Great White return to Northern Quest with new lead singer in tow
The last time Great White played in the Inland Northwest, in January of 2018, they were at the Coeur d’Alene Casino Resort Hotel with Skid Row.
The time before that, they headlined Northern Quest Resort and Casino.
Playing casinos, the band members – drummer Audie Desbrow, guitarists Mark Kendall and Michael Lardie, singer Mitch Malloy and bassist Scott Snyder – often look out into the crowd and see older fans who likely saw Great White in the ’80s and ’90s.
It’s when playing festivals, Lardie said, that they really notice just how much of a multi-generational band Great White has become.
“We’re seeing 20-somethings coming with their folks and even bringing their kids,” he said. “When an 8-year-old kid’s on his grandpa’s shoulders singing the lyrics to ‘Rock Me,’ you’ve got to go ‘Wow.’
“That’s one of the greatest compliments you can receive, that your music is of a quality that it gets passed down from generation to generation.”
Though this show will be for an audience of fans 21 and older, Lardie said Great White is looking forward to returning to Northern Quest on Thursday.
This concert is quite special, as it will be the first time Inland Northwest audiences get to see Malloy, who replaced former Great White lead singer Terry Ilous in July, on stage.
The band met Malloy when they asked him, plus musicians like Lzzy Hale of Halestorm and Skid Row’s Rachel Bolan, to provide gang vocals on 2017’s “Full Circle.”
At the time, Lardie said, the band filed the meeting away as “Cool guy. He’s got a really good voice.”
It wasn’t until the 2018 Monsters of Rock Cruise, on which both Great White and Malloy performed, that the wheels started turning.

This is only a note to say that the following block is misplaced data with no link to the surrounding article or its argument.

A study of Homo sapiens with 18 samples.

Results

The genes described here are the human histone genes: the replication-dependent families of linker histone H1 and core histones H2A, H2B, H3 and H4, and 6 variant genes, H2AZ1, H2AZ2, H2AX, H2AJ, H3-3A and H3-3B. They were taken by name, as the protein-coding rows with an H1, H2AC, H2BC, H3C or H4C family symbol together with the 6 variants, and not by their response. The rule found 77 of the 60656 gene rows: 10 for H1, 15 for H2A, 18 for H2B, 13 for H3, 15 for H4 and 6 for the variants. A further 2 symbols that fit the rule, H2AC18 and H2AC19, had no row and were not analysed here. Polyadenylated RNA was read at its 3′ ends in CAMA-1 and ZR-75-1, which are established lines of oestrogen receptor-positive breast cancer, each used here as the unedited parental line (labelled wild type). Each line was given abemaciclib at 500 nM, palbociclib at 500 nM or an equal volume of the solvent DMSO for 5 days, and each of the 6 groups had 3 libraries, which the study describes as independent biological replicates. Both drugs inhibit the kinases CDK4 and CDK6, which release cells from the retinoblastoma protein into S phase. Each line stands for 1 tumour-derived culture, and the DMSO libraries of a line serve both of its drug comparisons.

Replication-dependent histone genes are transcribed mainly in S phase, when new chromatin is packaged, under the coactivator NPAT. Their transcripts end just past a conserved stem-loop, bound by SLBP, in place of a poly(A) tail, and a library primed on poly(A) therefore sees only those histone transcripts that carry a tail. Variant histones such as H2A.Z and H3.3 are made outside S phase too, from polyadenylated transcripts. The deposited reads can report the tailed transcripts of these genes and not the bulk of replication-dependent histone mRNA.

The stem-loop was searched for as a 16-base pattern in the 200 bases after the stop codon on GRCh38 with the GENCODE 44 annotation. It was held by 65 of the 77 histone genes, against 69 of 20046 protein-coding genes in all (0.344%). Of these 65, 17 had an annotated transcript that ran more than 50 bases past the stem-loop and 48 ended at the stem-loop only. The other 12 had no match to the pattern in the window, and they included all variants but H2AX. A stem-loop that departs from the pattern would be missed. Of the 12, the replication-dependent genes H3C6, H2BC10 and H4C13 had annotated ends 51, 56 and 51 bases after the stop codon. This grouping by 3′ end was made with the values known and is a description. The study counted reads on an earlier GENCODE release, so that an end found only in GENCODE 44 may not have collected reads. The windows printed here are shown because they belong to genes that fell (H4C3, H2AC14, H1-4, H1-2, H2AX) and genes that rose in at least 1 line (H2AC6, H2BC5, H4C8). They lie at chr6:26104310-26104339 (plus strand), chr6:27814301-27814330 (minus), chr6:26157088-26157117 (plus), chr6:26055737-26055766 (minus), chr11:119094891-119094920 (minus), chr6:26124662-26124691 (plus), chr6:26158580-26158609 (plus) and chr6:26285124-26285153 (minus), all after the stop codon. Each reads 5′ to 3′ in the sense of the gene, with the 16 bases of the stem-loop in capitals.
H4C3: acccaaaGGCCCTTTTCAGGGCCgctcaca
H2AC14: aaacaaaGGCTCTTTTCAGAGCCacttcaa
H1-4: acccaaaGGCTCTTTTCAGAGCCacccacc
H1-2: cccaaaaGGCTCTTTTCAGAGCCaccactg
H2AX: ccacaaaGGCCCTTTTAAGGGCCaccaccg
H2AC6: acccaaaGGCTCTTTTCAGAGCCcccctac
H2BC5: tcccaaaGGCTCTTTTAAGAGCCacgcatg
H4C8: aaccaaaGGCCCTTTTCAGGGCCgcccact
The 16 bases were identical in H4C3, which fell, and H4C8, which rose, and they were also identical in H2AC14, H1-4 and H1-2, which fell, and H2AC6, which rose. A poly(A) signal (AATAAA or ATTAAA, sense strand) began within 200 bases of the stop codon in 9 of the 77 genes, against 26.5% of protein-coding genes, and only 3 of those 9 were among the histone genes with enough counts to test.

The band was looking for a new lead singer, and Malloy joined the band in singing “Once Bitten, Twice Shy” during Great White’s final performance on the cruise.
It was, as Lardie puts it, “one of those things that really make you go ‘Hmm.’ ”
So Lardie sent Malloy a few instrumental tracks of Great White classics and new material. Lardie said Malloy wasn’t sure if his voice would work with Great White’s music, but he gave it a shot and immediately heard it too.
Unbeknownst to Lardie, Kendall was also thinking about asking Malloy to audition.
“It’s kind of kismet in a way that we were both thinking about going for the same guy but not actually consulting each other,” Lardie said. “It just worked out great.”
To date, Malloy has performed about 40 shows with the band, and Lardie said he’s been a great fit.
Great White has its sights on entering the studio in the near future to record new material, though Lardie said the band isn’t putting massive pressure on itself.
Rather than record a handful of so-so tracks, Lardie said the band is being patient and waiting to see which tunes rise to the top.
“We’re working on it without the pressure of some sort of deadline, and when we feel like we got it, then we’ll go in,” he said.
The band recorded video and audio of its performance at the Kentucky State Fair last year and hopes to release a DVD of the performance, which featured Malloy on vocals, sometime later this year.
Being in the studio is natural for Lardie, who became a member of Great White after working as an engineer when the band was recording its debut album.
He and Kendall began jamming together in between recording sessions, and Lardie eventually sang on “Great White.” That lead to writing sessions with the band, and he became a member of Great White in 1985.
After more than 30 years with the band, Lardie is still touched that audiences continue to pack Great White shows and make the band’s music – songs like “Rock Me,” “Save Your Love,” “Once Bitten, Twice Shy,” “House of Broken Love” and “Call It Rock & Roll” – part of their lives.
“For us, everyday we’re a little bit even more appreciative than we were 30 years ago of the fact that we can still do what we do,” he said. “People still want to come out and see us. You get up everyday and go ‘I’m 60 and I’m still doing this and it’s still fun.’ It’s amazing.”